Park’s Romanek Finishes 2nd at First Girls Tourney
Hurricane’s Hart claims title at inaugural golf showcase
ELIZABETH–The future of high school golf in West Virginia changed forever.
The inaugural West Virginia High School Girls Golf Championship was hosted by the WVSSAC and held at the Mingo Bottom Golf Club on Tuesday and fell nothing short of spectacular.
There were two lead changes in the final two holes, which included a match-winning birdie putt by Hurricane’s Olivia Hart, who just edged Wheeling Park’s Dorothy Romanek.
Hart carded a 75 to claim the first girls state title in the history of the sport, while Romanek tallied a 77.
“This means everything to me,” Hart said. “I’ve never posted a 75 in a tournament before. That’s an amazing feeling and it’s an amazing feeling that girls golf is growing in West Virginia and I get to call myself the first girls champion. I can’t get the smile off of my face.”
There were 51 girls in action during the first of many female tournaments and it was one they won’t soon forget.
“It’s an awesome day for all the girls in the state of West Virginia,” Park coach Don Headley said. “We’ve needed this for many years. We have had some really good girls golfers in West Virginia but they have never really gotten to shine in their own event. So, I’m glad the WVSSAC put this together and finally made the dots connect.
“There were 51 girls representing their schools around the state in this wonderful event, so it’s pretty good.”
Romanek made vast improvements in her putting game as the Park senior drained five birdie putts to make a run at the title.
“At the beginning of the season I was constantly 40 putts a round,” Romanek said. “(Tuesday), I think I only had 30. My putting was on point (Tuesday), which was really nice.”
Despite the strong performance on the soft greens by Romanek, it was Hart that shot an even par-36 on the back nine.
“I was thinking that I haven’t had a birdie all day and I’ve played this well, so let’s make it happen on the last hole,” Hart said.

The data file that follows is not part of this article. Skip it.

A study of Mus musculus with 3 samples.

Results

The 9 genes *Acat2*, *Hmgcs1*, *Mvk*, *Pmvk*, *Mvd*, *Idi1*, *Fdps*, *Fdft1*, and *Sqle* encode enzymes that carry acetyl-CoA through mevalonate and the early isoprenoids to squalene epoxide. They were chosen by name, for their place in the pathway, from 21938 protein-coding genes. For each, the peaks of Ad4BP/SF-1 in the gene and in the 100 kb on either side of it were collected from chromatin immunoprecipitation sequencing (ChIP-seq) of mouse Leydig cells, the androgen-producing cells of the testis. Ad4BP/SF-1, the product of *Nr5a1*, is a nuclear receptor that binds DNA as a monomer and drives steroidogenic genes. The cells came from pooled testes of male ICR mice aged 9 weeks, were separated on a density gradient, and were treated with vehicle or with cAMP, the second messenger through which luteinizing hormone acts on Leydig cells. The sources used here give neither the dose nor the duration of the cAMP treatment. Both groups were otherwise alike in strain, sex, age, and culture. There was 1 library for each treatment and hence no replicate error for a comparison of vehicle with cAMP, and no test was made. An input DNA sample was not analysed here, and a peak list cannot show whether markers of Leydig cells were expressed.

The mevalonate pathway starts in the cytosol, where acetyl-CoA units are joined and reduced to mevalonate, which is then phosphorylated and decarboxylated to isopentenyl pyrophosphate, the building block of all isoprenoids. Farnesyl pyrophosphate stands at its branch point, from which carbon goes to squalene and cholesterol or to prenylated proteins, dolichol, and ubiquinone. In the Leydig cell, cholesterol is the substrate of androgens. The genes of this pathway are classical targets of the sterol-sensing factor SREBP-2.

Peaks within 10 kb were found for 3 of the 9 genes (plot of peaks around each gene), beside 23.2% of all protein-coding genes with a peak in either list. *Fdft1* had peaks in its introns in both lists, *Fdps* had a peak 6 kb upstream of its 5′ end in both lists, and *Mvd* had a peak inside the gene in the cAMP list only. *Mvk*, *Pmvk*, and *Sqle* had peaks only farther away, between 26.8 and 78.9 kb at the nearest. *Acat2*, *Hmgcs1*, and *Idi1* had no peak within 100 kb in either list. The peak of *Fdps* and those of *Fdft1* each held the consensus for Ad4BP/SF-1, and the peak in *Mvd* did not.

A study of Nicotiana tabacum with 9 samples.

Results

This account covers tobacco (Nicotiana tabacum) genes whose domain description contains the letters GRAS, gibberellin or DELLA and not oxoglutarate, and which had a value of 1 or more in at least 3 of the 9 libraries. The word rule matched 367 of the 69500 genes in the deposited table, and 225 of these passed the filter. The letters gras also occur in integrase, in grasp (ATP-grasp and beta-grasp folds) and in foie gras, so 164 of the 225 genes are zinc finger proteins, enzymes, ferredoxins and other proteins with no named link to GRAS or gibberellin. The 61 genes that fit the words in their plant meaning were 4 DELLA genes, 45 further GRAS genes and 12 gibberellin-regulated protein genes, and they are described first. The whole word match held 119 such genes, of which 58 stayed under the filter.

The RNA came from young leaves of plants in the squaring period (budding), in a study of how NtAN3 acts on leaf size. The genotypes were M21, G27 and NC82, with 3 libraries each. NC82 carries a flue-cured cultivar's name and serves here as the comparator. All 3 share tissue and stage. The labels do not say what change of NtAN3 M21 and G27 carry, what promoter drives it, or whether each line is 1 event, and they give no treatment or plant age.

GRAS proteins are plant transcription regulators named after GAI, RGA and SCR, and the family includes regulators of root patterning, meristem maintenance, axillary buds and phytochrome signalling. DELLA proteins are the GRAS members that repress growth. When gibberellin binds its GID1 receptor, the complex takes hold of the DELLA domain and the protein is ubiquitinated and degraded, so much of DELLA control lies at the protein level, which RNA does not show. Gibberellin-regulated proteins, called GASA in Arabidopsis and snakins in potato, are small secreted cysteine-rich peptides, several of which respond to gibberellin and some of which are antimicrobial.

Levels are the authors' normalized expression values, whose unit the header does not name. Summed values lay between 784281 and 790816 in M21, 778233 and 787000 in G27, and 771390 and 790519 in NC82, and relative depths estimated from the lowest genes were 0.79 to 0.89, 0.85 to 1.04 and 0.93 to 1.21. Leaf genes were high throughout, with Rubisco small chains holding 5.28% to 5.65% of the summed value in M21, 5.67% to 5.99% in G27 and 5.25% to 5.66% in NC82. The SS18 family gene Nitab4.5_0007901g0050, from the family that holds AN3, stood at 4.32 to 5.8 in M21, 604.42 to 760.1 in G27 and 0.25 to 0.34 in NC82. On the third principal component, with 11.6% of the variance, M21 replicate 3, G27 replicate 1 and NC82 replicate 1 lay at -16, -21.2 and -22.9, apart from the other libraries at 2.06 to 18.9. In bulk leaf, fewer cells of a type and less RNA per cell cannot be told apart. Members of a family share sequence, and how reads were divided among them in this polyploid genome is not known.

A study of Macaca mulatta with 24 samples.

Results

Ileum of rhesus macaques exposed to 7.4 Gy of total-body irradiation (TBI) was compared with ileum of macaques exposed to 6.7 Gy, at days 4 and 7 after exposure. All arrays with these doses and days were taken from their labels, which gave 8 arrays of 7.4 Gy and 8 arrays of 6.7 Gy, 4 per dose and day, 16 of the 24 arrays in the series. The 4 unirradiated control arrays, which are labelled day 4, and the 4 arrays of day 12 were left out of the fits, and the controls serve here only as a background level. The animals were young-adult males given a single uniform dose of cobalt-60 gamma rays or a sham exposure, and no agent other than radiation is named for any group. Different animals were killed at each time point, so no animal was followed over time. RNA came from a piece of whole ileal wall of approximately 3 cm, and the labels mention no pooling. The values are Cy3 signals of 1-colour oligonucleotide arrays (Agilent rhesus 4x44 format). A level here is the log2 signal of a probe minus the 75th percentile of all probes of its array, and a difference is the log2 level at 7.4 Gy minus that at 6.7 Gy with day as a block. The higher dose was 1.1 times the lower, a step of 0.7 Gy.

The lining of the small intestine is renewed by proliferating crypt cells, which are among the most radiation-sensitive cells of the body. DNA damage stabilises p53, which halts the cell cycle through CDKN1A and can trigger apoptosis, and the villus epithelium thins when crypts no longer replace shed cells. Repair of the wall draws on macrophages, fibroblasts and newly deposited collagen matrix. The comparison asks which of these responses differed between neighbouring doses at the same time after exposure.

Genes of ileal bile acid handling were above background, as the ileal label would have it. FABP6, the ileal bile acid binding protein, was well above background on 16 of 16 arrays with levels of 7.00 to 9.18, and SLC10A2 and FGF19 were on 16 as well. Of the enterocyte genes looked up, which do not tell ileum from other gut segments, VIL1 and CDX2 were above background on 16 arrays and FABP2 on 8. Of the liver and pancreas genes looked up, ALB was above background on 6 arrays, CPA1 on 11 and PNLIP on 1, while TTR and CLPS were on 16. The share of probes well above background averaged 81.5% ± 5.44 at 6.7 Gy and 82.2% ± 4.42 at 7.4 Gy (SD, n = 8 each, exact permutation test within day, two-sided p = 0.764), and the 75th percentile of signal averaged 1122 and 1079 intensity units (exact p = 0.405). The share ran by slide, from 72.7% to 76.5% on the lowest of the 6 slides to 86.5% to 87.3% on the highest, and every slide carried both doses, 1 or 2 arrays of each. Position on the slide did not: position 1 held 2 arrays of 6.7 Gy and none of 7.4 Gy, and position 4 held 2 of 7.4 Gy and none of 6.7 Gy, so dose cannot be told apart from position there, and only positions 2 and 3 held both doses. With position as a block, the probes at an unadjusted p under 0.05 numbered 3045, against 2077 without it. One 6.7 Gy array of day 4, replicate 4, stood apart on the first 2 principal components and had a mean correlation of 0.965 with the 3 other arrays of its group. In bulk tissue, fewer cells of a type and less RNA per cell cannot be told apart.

Romanek also outdrove her competitors all day, which helped her get the lead late in the match, an attribute that Romanek credits to her time on the ice.
“I play hockey as my other sport,” Romanek said. “I think a lot of that just kind of carries over.”
Romanek and Hart were deadlocked after the first nine holes, both turning in scores of 39 (3 over par).
Hart finally looked to take control of the match with back-to-back pars on 14 and 15, while Romanek bogeyed each.
However, the Patriots’ senior never gave up, posting back-to-back birdies of her own on 16 and 17 to claim a narrow one-stroke advantage heading into the 18th hole.
“There was so much nerves and pressure,” Romanek said. “Coach Headley did a really good job of trying to keep me level headed and calm and cracking jokes.”
As fans gathered on the hill overlooking the final green, it was Hart that rose to the challenge, earning a birdie on the Par 5, while Romanek suffered several miscues and finished with a double-bogey.
“I was nervous but I stayed positive and I didn’t let myself break down,” Hart said. “I kept going and I didn’t give up and it paid off.”
Following Hart and Romanek on the all-tournament team were Mary Denny of Woodrow with an 85, Molly McLean of Parkersburg and Emma Nicol of George Washington, who each recorded an 87, Nicole Lincicome of Parkersburg garnered an 88, and Autumn Gillispie of GW added an 89.
Park’s Lydia Simon supplied a 90, just missing the all-tournament team.
Other local finishers were Weir’s Jamine Tustin (95), John Marshall’s Bethany Schaber (113), Lauren Tekely (115), Lakyn Parker (116) and Clarissa Edgar (120).
Wheeling Park’s Libby Murrin charted a 118 and Wheeling Central’s Jayden Cooke provided a 132.
“This was just a really great experience,” Romanek said. “It was cool to play against other girls in the state instead of always playing with guys who can hit it a lot further. It was just nice.”
The day couldn’t have gone any better for the first female tournament and John Marshall coach David Gaudino was an essential part of that success.
“Look at all the smiling faces,” Gaudino said. “The girls are so happy to get together and play.
“The course was tough and I don’t think many of the girls have seen an island green before like on the 10th hole. That was a tough way for my kids to start the match.
“They did miracles to get this course ready in such a short time and the kids were having fun and overall it’s been a good day.”
With the first state tournament over and done with, now it’s time to ask the question. What is next?
“I think we will try to have regional events next year,” Gaudino said. “We will try to find days to get groups of girls together in different parts of the state to get them playing so we can continue this in the future.”